Thread: Basic question how to pass a char string to a function?

  1. #1

    I have two files main.c and lprs_mspConfig.c
    I want to pass a string argument from main to a function can someone tell me how to do this.

    Main.c
    Code:
    int main(void){
    
    
        WDTCTL = WDTPW | WDTHOLD;    // stop watchdog timer
        
        config_timer('B0', 2344);
    
    
        LPM3;
        return 0;
    }
    lprs_mspConfig.c
    Code:
    void config_timer(char name[3], uint v){
        char *pName;
        pName = name;
    
    
        if (*pName == 'B0') {
            TB0CCR0 = v;
            TB0CTL = TBSSEL__ACLK;
            TB0CCTL0 &= ~CCIFG;
    
    
        }
        else if (*pName == 'B1') {
            TB1CCR0 = v;
            TB1CTL = TBSSEL__ACLK;
            TB1CCTL0 &= ~CCIFG;
        }
        else if (*pName == 'B2') {
            TB2CCR0 = v;
            TB2CTL = TBSSEL__ACLK;
            TB2CCTL0 &= ~CCIFG;
        }
    }

  2. #2
    C++ Witch laserlight's Avatar
    Quote Originally Posted by Bjarne Stroustrup (2000-10-14)
    I get maybe two dozen requests for help with some sort of programming or design problem every day. Most have more sense than to send me hundreds of lines of code. If they do, I ask them to find the smallest example that exhibits the problem and send me that. Mostly, they then find the error themselves. "Finding the smallest program that demonstrates the error" is a powerful debugging tool.
    Look up a C++ Reference and learn How To Ask Questions The Smart Way

  3. #3
    but name == "B0" conditional never seems to get met

  4. #4
    C++ Witch laserlight's Avatar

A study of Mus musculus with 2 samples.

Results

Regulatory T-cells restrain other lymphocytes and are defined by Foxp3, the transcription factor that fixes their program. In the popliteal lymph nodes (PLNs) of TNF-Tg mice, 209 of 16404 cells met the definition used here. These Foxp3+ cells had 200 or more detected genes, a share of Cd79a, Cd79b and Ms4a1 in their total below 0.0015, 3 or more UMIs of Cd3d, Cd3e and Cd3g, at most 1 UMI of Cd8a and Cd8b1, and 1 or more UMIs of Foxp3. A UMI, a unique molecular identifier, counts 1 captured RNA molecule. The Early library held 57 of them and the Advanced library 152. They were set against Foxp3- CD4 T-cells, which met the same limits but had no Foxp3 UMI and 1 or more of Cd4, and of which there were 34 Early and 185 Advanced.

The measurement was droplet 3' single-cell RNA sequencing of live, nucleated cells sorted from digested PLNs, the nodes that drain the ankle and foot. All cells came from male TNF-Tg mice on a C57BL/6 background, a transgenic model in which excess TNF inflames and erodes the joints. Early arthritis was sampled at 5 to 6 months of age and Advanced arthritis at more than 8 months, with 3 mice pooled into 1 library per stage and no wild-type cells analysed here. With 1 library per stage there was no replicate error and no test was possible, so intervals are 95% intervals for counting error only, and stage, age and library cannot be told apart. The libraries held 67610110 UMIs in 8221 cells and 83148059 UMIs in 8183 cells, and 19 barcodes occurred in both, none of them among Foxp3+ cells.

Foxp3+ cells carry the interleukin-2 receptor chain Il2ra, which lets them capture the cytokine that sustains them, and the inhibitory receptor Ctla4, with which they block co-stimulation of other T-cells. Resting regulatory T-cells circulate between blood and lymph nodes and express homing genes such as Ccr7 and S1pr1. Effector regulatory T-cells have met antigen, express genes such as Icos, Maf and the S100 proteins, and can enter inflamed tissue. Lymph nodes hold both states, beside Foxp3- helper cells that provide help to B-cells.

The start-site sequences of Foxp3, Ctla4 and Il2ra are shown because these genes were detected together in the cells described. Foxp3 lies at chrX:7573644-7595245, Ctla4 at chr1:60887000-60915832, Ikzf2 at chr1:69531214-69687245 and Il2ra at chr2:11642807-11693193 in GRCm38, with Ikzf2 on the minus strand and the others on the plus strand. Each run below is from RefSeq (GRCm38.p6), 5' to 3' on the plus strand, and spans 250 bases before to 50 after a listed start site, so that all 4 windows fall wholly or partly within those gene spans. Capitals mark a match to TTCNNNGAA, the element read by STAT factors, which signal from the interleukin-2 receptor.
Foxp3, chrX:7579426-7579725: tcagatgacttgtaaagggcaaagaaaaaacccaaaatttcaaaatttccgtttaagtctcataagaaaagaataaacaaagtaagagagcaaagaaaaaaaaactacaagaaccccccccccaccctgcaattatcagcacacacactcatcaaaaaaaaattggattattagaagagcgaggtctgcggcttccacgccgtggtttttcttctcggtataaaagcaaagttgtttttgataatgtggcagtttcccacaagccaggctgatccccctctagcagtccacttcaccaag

but name == "B0" conditional never seems to get met
    That's because you end up comparing pointers rather than the string content. Use strcmp instead, or take advantage of the characteristics of the expected string data (it always starts with a 'B' followed by '0', '1', or '2') to write the if statements.

    Note that you don't need pName as you can use name directly. So you might do something like this:
    Code:
    void config_timer(const char name[], uint v) {
        if (name[0] == 'B' && name[2] == '\0') {
            switch (name[1]) {
            case '0':
                TB0CCR0 = v;
                TB0CTL = TBSSEL__ACLK;
                TB0CCTL0 &= ~CCIFG;
                break;
            case '1':
                TB1CCR0 = v;
                TB1CTL = TBSSEL__ACLK;
                TB1CCTL0 &= ~CCIFG;
                break;
            case '2':
                TB2CCR0 = v;
                TB2CTL = TBSSEL__ACLK;
                TB2CCTL0 &= ~CCIFG;
                break;
            }
        }
    }
    I've changed name from char[3] to const char[] because the 3 isn't enforced anyway and the const makes it clear that you won't modify the string content so it is safe to pass a string literal as an argument. You may also find it useful to have a return value to indicate success/failure or a status/error code.
    Last edited by laserlight; 3 Weeks Ago at 04:33 PM.
    Quote Originally Posted by Bjarne Stroustrup (2000-10-14)
    I get maybe two dozen requests for help with some sort of programming or design problem every day. Most have more sense than to send me hundreds of lines of code. If they do, I ask them to find the smallest example that exhibits the problem and send me that. Mostly, they then find the error themselves. "Finding the smallest program that demonstrates the error" is a powerful debugging tool.
    Look up a C++ Reference and learn How To Ask Questions The Smart Way

  5. #5
    That worked....I didn't realize strcmp returns a 0 when true....

  6. #6
    That worked....I didn't realize strcmp returns a 0 when true....
    strcmp doesn't return a "true" or "false" value. It returns a value less than 0, 0, or a value greater than 0, depending on the relative order of the string arguments.

    You can think of it as returning the "difference" between the strings (like a - b), where a value less than 0 tells you that string a is "less than" string b.